Inspired by a true story, as well as the songs and lyrics by legend Bruce Springsteen, “Blinded by the Light” is set in 1987 and follows Pakistani teenager, Javed (played by Viveik Kalra), as he discovers the righteous music of “The Boss” in the midst of economic turmoil and racial discrimination in his small town of Luton, England. There are two things that Javed looks to in pursuit of escaping his misery: his poetry and his Bruce Springsteen tapes. This so-called misery derives mostly from the traditional, stubborn views of his father, who never bothers to let Javed live his life as a normal, British teenager. However, Springsteen’s lyrics provide Javed with a temporary form of escapism from the darkness of his working-class environment and inspire him to find his voice in his family and follow his dreams — no matter how big or small they may seem.
This film is more special than inspiring. My one complaint that was a constant complaint of mine throughout the film would have to be its pace. The film is way too slow for hardly anything to happen. The main conflict within the film lies within the main character’s inner emotions that he cannot always express. Therefore, the audience spends way too much time focusing on the character’s depressed facial expressions rather than the character’s interactions with his family and peers, although Springsteen lovers will for sure enjoy the flick for its array of rockin’ Springsteen classics that score the film and sit at its core. But again, the film has absolutely nothing to do with Bruce Springsteen — just his music.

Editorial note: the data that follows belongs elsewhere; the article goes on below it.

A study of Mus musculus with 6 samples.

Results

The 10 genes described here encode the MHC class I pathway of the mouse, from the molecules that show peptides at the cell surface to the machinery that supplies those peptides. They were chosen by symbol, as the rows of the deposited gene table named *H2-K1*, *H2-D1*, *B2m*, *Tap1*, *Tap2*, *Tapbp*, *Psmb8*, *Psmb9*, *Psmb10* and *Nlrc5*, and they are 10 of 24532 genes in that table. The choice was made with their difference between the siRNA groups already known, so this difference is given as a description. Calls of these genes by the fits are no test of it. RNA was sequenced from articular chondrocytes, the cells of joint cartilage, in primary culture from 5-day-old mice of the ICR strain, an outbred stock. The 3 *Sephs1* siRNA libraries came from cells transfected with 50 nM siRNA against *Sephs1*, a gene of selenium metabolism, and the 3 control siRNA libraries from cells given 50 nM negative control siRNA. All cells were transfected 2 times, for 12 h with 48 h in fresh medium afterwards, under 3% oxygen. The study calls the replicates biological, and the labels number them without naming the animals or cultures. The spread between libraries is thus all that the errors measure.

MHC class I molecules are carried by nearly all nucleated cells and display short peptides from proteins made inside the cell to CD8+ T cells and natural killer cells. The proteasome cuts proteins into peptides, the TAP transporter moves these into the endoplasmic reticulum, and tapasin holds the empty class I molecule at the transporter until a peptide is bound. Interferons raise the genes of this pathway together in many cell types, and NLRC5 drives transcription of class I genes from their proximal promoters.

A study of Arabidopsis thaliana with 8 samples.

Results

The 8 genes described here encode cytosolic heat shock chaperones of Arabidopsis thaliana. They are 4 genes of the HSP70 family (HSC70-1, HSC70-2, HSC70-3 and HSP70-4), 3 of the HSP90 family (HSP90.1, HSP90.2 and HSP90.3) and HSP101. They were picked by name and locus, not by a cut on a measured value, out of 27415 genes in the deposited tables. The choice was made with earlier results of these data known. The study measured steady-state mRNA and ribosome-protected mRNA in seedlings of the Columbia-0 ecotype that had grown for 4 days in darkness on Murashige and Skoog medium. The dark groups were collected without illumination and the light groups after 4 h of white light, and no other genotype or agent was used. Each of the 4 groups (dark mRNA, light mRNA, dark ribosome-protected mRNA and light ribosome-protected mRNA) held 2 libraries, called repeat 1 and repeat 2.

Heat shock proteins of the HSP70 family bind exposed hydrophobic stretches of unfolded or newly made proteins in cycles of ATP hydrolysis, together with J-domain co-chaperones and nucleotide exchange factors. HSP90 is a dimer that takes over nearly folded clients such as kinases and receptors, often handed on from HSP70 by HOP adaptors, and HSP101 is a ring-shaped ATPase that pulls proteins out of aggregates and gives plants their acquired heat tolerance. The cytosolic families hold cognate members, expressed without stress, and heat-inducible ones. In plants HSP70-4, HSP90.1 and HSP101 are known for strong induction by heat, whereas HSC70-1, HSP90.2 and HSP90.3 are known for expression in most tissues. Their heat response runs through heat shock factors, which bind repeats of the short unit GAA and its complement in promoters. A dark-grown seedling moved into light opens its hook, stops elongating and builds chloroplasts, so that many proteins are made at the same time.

I am finding it quite difficult to praise this film but also bash it. Gurinder Chadha, the critically-acclaimed director of 2002’s “Bend It Like Beckham,” does a fabulous job with her direction of the film, and there are many hidden cinematic gems for film buffs and scholars who look close enough. However, the script is where this film somehow gets lost in translation. The idea was wonderful, as are the characters and the period the film represents, but the film is nothing wonderful. Instead, it is just simply OK.
“Blinded by the Light” had the potential to be something brilliant, but instead fell behind due to its slow-paced, melodramatic tendencies. Audiences will laugh and possibly, (just possibly), cry, but it is not a film that all audiences can enjoy. The plot although sometimes momentous lacks a story that every single person can relate to. Nonetheless, if there is one thing that “Blinded by The Light” proves to its audience, it is that the music of Bruce Springsteen’s can truly bring out the underdog in all of us. I give it a 7 out of 10 — mostly because I love Bruce Springsteen.